Venezuela and Spain signed a tax treaty on 8 April 2003. The treaty is in force as from 29 April 2004 and generally applies as of 1 January 2005.
In respect of interest, Art. 11 of the treaty stipulates the right to tax of the State in which the interest arises, as follows:
However, such interest may also be taxed in the Contracting State in which it arises and according to the laws of that State, but if the recipient is the beneficial owner of the interest, the tax so charged shall not exceed: (a) 4.95% of the gross amount of the interest in the case of financial institutions; (b) 10% of the gross amount of the interest in all other cases
Certain categories of interest are exempt from tax at source (Para. 3 of Art. 11).
The treaty further contains a most favoured nation clause which, with respect to interest, stipulates that (Para. VII of Protocol): "If under a double tax treaty, concluded after the date of signature of this Convention, between a Contracting State and a state that is a member of European Union, it is accorded a tax (rate) lower than the one established in Article 11, then the provisions of the latter concluded treaty shall also apply, from the date of its entry into force, to this Convention".
Spain and Malta signed a tax treaty on 8 November 2005. The treaty is in force as of 12 September 2006 and generally applies as of 1 January 2007. Concerning the taxation of interest, the treaty stipulates an exclusive right to tax in favour of the state of residence (Para 1 Art 11): "Interest arising in a Contracting State and paid to a resident of the other Contracting State shall be taxable only in that other State".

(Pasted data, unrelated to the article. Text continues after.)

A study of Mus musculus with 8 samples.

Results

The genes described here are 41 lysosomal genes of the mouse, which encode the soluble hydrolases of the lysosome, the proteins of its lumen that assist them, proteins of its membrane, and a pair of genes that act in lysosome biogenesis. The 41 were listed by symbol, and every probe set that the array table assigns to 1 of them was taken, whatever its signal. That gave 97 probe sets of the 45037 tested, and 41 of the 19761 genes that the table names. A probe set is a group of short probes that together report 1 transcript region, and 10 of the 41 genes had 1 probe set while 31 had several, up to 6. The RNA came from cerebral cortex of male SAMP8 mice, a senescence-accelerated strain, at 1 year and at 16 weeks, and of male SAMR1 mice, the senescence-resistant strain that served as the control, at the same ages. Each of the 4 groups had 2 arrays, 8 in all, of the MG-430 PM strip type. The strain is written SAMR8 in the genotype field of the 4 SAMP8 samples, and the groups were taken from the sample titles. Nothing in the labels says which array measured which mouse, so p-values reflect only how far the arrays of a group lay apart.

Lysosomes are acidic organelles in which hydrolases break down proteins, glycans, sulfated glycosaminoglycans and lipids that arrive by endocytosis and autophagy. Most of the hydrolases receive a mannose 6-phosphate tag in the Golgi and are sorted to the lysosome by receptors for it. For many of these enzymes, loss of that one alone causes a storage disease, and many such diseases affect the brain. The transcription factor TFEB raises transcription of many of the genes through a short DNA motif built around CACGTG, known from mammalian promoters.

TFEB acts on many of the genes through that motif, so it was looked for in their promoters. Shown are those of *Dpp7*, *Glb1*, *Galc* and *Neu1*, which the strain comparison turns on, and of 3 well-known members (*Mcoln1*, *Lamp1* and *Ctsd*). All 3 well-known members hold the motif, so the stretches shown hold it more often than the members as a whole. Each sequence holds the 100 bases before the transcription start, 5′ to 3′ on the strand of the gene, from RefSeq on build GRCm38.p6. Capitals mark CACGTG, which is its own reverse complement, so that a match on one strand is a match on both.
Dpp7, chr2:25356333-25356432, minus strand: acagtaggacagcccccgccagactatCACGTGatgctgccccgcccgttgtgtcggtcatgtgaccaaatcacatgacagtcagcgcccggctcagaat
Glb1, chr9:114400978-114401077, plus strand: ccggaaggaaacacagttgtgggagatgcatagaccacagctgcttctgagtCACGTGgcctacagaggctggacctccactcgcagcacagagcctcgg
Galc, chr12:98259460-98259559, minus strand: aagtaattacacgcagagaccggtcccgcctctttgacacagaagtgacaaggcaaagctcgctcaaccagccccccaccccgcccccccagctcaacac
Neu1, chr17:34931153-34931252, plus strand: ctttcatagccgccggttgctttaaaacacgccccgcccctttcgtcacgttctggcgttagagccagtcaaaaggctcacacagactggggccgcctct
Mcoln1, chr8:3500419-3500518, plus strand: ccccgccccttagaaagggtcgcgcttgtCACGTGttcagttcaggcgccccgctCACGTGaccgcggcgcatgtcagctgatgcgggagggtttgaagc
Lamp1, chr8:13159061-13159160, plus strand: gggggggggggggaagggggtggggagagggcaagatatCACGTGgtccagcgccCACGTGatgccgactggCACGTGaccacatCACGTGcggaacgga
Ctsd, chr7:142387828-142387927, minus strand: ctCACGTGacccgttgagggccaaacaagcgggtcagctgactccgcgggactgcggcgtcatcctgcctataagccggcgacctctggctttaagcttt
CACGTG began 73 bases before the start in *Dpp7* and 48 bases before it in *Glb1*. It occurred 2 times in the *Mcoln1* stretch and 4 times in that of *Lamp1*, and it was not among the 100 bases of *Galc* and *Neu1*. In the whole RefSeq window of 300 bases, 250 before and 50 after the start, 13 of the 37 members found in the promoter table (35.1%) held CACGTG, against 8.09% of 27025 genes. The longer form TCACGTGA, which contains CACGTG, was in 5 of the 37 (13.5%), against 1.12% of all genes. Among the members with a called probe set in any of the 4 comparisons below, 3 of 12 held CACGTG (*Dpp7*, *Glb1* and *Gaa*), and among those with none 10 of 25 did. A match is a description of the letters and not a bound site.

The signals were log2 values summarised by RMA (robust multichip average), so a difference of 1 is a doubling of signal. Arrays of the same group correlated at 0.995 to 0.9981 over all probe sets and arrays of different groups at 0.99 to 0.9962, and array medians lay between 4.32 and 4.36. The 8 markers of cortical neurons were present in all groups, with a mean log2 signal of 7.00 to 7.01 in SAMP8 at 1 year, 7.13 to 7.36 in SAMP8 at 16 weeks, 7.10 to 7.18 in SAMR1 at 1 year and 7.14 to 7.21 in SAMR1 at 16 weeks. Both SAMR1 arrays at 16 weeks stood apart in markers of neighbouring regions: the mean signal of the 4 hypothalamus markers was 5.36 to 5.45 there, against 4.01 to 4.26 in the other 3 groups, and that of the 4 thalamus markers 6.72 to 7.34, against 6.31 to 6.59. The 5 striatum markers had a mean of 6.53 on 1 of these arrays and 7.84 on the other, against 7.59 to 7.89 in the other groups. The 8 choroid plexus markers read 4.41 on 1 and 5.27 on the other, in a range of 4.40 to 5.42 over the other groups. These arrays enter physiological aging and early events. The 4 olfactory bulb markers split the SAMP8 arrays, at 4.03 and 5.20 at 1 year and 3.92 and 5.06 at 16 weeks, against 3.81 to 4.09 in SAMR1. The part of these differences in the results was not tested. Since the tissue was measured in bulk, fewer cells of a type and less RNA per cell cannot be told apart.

Consequently, according to the wording of the above-mentioned MFN clause, it could be concluded that the provision in the Spain-Malta treaty has modified the taxation of interest under the tax treaty between Spain and Venezuela. As a result, the right to tax interest is attributed exclusively to Spain or Venezuela, whichever is the State of residence, as from 12 September 2006.
However, IBFD has been unofficially advised that the Venezuelan tax administration does not share this interpretation. Indeed, Venezuela reportedly considers that the Spain-Malta treaty does not trigger the MFN clause under the Spain-Venezuela as the former provides for exclusive taxation in the residence State, rather than in shared taxation but at a rate lower than that agreed under the Spain-Venezuela treaty.